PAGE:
Audition Stories: Ibanda Ruhumbika
Below is the first edition of a new series of “Audition Stories”, a fistful of firsthand reports on what it takes to get on From the Top. We’ll cover details from the toughest application question to the fateful phone call and everything in between. Of course, the best way to find out what auditioning is like is to do it yourself – download the application here.
19-year-old tuba player Ibanda Ruhumbika has mastered the art of being on From the Top. He’s appeared on the show three times, once with the Atlanta Symphony Youth Orchestra, and twice as a soloist. Ibanda can take anything we throw at him, whether we hide him behind the 120 members of his youth orchestra, set him up to talk about music with a group of admiring students at an all-girls school, or let him shine in front of a camera while the New York Philharmonic brass section strolls in as his surprise collaborators.
But Ibanda wasn’t always a From the Top poster child. In fact, he wouldn’t have played on the show at all if it weren’t for his persistence.
“I made it the third time I auditioned,” Ibanda told me. “I’ve listened to the show since I was in eighth grade. I’m a big fan, so… when I was in tenth grade, I sent in a tape, and some time before the Atlanta taping I sent in another tape, and finally, I had a live audition when I was studying for the summer at Interlochen.”
Was he nervous to do a live audition for people he’d listened to on the radio for years? Not really.
“It was pretty comfortable,” he said. “Tom [Vignieri, From the Top’s Music Producer] was really casual about it. I pretty much played and he said, ‘So, there’s a show next week, do you want to be on it?’ and I did.”
He made it sound easy, but for Ibanda, there was more to getting on the show than just saying “yes.” After two years of auditioning, he had snagged a spot at last – only to lose it again.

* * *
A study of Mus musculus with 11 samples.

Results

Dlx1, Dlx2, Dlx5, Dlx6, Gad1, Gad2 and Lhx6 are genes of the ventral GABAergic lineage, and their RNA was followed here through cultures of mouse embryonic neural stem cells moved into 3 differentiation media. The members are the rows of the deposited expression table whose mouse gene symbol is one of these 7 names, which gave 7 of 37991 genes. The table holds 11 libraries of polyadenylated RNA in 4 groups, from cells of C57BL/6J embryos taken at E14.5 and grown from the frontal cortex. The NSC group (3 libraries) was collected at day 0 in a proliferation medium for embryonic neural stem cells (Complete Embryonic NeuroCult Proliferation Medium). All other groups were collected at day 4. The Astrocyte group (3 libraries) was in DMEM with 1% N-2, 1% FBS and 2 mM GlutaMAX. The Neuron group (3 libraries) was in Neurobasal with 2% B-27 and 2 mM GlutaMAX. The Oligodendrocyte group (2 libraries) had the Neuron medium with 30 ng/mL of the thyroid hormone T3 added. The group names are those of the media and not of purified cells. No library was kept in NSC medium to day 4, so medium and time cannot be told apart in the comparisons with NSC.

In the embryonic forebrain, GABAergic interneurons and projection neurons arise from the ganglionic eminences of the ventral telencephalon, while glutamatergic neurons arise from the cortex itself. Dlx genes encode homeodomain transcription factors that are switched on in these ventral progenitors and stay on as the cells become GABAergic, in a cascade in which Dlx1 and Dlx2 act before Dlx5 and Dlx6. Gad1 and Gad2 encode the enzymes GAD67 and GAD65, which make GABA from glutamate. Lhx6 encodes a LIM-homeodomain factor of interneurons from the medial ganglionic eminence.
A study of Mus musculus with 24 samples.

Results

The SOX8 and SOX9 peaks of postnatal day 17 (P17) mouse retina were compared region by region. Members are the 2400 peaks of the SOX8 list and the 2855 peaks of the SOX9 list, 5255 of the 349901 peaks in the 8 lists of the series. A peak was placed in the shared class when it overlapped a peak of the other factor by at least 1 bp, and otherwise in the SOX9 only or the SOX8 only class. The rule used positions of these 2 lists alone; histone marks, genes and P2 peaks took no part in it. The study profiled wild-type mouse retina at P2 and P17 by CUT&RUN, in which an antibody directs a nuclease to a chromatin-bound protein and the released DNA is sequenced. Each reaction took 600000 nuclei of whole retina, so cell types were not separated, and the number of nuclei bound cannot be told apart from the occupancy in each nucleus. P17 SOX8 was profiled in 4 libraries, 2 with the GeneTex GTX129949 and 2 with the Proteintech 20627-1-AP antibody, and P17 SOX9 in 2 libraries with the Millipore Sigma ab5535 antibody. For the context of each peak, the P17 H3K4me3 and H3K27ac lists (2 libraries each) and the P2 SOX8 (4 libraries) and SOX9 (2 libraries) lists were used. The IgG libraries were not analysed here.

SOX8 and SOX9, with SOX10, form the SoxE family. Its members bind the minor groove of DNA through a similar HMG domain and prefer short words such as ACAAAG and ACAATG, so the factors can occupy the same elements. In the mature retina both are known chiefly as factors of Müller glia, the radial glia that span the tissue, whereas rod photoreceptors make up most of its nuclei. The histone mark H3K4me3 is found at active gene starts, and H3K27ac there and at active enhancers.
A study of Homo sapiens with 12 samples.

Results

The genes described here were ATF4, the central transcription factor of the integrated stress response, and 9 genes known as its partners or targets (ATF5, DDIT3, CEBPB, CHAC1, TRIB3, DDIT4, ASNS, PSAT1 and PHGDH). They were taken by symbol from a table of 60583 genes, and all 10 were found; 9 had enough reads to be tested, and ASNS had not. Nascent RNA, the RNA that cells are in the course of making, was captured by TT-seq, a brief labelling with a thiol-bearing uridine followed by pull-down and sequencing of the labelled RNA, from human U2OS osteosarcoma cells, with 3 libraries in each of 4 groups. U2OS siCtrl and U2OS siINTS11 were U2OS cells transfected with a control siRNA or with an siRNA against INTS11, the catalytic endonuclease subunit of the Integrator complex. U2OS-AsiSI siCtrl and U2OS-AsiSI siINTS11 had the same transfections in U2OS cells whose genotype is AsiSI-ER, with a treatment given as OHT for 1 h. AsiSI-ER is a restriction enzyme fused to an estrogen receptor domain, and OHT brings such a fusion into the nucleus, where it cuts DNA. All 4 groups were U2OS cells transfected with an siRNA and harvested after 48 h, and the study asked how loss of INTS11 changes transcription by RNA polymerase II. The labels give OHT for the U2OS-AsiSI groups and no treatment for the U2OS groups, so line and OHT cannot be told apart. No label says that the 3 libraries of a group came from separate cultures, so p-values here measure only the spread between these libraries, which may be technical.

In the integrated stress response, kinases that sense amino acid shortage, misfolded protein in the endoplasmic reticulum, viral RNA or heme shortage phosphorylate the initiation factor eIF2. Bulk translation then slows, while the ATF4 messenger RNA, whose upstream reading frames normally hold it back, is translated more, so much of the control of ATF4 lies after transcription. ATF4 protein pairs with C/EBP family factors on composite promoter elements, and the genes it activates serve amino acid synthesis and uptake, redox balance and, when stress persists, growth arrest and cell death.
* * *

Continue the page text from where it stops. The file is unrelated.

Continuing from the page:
“I got pneumonia,” he said. “After I got back from Interlochen, I had a little cough, and the cough was dry and it just kept getting worse and worse… I was supposed to fly up to Chicago on Friday, but on Thursday I went to the pulminologist and he was like, ’You have pneumonia.’ I felt bad canceling on From the Top because I was calling the day before I was supposed to get there, but I couldn’t even talk.”
Ibanda has gone down in From the Top history as the only kid who has had to call in sick. In fact, some staff members suspect he did it on purpose. A week after he missed the Chicago show, Ibanda called From the Top to tell them he was feeling better. Lucky for him, the next show we were taping was in Hawaii!
“I said I felt pretty ready to play again, and they told me there were two shows coming up, one in Hawaii and one in Columbus, and I could pick which one I wanted to be on. I decided to go with Hawaii. I just like the beach more than going to Ohio.”
Ibanda finally performed on From the Top after three auditions and one false start, but he picked up a valuable lesson on his long journey to the Hawaii show.
“I was learning so much, focusing on one thing all day and getting it perfect,” he said. “I think you go through the most growth when you’re preparing for something.”
ABOUT THE AUTHOR: Hi everybody! I’m Lily Kaiser, an intern at From the Top this summer and a rising sophomore at Georgetown University. I love music, but I don’t play an instrument, so I’m cultivating my music appreciation skills. I practice them for hours a day until my ears bleed, dreaming of the day when I can appreciate in Carnegie Hall. I’ll be writing a couple posts a week. Keep an eye out!